An Anton Piller order allows a prospective litigant to instruct the sheriff of the court to search a property and seize specific documentary evidence when a “real and well-founded apprehension” exists that such evidence will be hidden or destroyed before litigation begins.

In arecent judgment (1760.pdf (, the High Court emphasized that, for an Anton Piller order to succeed, the applicant must have a clear cause of action which they intend to pursue.  The applicant failed to satisfy the court that it had a claim, and the order was dismissed.

The applicant sought an order to allow them to seize documents in the possession of their former employees.

The court granted an Anton Piller order, as well as an interim interdict restraining the respondents from using, copying, or sharing the documents. The respondents subsequently applied to have both orders set aside on the basis that the applicant did not have a prima facie cause of action.

The court granted the applicant a 60-day period within which to institute the envisaged proceedings. The applicant failed to do so and subsequently applied for an extension of the deadline. The court dismissed this application, as well as the interim order, and set aside the Anton Piller order.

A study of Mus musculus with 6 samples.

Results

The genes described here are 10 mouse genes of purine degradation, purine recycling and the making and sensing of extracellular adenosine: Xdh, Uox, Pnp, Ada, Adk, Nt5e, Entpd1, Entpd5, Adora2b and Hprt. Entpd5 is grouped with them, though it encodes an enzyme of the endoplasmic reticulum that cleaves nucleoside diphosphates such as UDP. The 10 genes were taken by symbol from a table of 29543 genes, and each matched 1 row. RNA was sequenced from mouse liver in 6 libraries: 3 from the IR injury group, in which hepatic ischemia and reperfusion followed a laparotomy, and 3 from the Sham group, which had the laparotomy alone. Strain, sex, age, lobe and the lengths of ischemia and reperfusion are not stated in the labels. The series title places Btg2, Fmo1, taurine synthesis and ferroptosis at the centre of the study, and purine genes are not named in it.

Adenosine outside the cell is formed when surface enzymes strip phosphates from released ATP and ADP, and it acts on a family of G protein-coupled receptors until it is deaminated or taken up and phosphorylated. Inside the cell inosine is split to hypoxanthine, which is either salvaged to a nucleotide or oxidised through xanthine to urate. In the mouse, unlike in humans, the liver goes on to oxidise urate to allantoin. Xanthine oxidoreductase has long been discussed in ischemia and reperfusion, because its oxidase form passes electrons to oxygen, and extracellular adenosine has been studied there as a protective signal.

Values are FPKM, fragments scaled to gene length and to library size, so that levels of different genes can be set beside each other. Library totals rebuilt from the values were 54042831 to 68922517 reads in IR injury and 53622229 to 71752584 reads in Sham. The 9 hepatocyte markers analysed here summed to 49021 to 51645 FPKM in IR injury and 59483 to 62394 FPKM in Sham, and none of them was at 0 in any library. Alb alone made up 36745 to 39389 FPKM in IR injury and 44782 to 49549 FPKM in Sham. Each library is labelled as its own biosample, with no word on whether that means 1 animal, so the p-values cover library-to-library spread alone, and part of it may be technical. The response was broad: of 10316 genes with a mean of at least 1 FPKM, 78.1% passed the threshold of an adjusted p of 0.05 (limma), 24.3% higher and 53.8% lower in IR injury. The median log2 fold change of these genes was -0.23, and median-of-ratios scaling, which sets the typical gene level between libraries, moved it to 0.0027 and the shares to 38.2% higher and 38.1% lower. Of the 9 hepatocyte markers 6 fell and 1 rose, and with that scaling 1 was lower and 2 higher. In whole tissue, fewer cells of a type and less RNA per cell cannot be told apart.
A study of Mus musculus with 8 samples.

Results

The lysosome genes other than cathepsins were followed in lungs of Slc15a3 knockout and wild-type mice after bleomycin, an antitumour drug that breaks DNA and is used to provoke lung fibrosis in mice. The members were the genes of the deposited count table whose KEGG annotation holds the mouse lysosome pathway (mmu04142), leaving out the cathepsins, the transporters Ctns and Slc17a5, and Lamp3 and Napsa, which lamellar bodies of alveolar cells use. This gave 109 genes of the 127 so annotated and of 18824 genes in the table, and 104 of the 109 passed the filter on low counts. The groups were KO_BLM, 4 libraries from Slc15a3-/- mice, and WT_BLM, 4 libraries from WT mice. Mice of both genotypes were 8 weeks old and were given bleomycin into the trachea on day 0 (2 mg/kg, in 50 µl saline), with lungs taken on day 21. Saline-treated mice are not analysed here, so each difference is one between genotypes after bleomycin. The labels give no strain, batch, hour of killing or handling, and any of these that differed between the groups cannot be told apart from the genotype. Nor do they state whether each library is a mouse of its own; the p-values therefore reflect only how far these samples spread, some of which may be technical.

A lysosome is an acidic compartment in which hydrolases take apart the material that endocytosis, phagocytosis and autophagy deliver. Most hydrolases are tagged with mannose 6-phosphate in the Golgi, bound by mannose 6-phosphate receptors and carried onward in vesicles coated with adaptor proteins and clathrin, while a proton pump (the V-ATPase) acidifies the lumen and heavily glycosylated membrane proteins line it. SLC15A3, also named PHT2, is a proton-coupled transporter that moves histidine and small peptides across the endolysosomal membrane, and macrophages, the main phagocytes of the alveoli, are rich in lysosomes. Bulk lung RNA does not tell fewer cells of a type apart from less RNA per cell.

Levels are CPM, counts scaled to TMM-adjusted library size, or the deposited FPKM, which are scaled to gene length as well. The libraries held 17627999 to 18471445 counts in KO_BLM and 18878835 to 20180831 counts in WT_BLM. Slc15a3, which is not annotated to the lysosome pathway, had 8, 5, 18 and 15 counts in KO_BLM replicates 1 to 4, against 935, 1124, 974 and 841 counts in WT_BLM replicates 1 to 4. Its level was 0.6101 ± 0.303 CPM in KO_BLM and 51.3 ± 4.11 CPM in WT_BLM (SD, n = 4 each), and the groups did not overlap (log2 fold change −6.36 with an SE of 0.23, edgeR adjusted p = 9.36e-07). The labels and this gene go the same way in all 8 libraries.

When asked why it did not institute proceedings within the provided timeframe, the applicant responded that it needed to first peruse the documents that were seized under the Anton Piller order before it could formulate its cause of action.

The court found that this argument impermissible. The purpose of an Anton Piller order is expressly to preserve evidence in support of an existing cause of action, not to construct a cause of action that the litigant suspects might exist.

The court also clarified that Anton Piller orders do not automatically entitle the applicant to inspect the seized documents. An Anton Piller order simply serves to reassure the party, who has a cause of action, that formulating pleadings will not be in vain due to the destruction of important evidence.

The court emphasised the important distinction between pleadings and evidence, namely that pleadings contain statements of facts, while evidence only later serves to support those facts.  Therefore, to inspect such documents, the applicant must request discovery thereof upon close of pleadings.

The order is a temporary preservation order till the claim is instituted and, if so, until the documents seized are produced during the discovery process.

This blog was authored by Brigitte Geyer, Candidate Attorney.